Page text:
DATE

October 19, 2021

AUTHOR

Sean Hamilton

CATEGORIES

Teachers


Imagine a group of high school students standing in a cluster around some of the most iconic, expensive, culturally valuable art pieces in the western world. Screaming. Perhaps screaming in joy, delight, rebellion, pain, or perhaps out of the sheer discomfort of agreeing to such a task. Whatever was the story behind the scream was theirs to choose. It is performative in nature and has been done by artists and educators many times in the past. But this was something my students sought to claim and in the process would claim layers of critical dialogue related our unit concept of performative social norms. The stares, the looks, the murmurs, the security guards approaching were just some of the evidence that may not shift but merely would become amplified. The act of inhabiting a space on multiple planes of understanding, modality, and visibility warmed my art teacher heart. The act of inhabiting a space that was specifically not designed for my students of color could serve as both powerful and empowering. COVID prevented this performance.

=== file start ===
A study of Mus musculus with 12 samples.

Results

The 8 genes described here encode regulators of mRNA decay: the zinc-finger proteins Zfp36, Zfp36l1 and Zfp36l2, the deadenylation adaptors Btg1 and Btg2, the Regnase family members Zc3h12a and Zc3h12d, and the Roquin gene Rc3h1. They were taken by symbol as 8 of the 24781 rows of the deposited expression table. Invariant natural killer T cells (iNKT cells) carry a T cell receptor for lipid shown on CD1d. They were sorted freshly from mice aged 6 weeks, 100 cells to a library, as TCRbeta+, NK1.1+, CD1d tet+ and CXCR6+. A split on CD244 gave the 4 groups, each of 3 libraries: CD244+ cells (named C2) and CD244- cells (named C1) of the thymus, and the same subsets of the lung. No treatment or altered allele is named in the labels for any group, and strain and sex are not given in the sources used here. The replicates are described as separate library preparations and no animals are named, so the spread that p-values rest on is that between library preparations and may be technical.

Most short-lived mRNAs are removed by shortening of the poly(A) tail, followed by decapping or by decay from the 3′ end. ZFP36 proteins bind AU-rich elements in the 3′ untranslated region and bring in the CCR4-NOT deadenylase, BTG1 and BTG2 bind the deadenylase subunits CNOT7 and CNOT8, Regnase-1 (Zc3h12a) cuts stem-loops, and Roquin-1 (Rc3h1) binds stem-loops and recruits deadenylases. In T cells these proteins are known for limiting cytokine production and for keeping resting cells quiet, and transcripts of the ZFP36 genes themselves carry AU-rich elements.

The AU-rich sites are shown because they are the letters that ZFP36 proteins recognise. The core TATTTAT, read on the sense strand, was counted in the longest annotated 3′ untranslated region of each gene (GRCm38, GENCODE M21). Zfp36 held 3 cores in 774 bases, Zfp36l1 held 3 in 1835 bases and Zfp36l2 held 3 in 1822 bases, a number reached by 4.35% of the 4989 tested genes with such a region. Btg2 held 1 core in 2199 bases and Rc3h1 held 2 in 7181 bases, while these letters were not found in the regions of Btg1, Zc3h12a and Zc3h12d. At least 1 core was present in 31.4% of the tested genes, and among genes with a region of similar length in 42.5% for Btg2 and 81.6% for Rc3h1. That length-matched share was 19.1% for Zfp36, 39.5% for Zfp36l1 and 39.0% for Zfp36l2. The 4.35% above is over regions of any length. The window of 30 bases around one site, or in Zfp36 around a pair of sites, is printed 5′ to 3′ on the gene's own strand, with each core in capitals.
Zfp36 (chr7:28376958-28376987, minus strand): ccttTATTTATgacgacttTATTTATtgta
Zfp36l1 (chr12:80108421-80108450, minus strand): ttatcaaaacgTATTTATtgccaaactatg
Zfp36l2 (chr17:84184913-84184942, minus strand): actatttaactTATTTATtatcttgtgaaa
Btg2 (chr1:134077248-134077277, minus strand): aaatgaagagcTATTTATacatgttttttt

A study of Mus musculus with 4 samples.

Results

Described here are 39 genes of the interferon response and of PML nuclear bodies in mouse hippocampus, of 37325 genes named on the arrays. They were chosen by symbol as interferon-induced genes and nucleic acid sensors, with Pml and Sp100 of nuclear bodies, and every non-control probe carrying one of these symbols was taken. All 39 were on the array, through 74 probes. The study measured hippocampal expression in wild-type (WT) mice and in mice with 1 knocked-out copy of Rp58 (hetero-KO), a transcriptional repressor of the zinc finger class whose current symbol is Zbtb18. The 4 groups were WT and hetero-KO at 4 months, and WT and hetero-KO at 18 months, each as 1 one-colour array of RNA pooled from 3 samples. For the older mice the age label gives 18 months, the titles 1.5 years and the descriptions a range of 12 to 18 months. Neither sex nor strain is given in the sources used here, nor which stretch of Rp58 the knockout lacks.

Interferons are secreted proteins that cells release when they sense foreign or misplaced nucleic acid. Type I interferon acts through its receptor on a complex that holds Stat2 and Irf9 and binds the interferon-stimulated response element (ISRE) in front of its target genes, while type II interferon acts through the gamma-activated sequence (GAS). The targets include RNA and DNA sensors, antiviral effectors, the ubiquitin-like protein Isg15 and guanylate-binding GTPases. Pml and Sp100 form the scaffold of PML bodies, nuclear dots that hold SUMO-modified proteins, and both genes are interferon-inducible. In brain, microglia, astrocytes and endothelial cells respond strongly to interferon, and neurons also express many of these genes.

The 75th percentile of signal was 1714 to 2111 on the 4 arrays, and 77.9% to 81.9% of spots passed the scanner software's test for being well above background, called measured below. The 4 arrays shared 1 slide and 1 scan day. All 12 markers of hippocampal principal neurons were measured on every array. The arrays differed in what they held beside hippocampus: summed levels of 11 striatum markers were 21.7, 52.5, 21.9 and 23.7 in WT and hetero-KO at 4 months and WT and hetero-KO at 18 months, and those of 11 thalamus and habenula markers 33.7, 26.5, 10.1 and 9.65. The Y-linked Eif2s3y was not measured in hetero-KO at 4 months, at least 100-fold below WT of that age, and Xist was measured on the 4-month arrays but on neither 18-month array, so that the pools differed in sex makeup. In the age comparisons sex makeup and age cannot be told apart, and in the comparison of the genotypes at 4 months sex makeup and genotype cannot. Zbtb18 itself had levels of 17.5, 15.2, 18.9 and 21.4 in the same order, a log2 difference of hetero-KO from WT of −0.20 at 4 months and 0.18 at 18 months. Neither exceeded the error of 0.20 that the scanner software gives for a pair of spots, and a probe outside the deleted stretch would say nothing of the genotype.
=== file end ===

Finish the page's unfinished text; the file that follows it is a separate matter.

As Claire said in the previous post, the message to our students is often that “you are meant to be kept silent and under control”. The image of the not-actualized museum performance consistently reappeared in my mind as activation of this message’s antithesis, something different:

“Be loud, be free, be you, be the center of attention, and know that you are still safe. You are doing nothing wrong but changing perspectives and spaces possibly for the better. Regardless, you have the power to do so and you own that power.”


While the performance did not come to fruition, I have seen the themes of this new message repeatedly brought up in student responses, discussions, artwork, affect, and even the culture of our classroom. I am not an expert on restorative practices, nor do I think I could ever define these practices with certainty. I also cannot claim to be an expert in teaching or transformation (whatever that means); some weeks there are more rough days than good. What I can speak to are how my mindsets shifted and evolved during my experience as an educator, how I think now, and more importantly, how awesome my students are.

This is Part 1 of a two part series created by Sean, one of our first RPIA educators. In his upcoming blog post, Sean will write about how he weaves restorative practices and student voice into virtual instruction.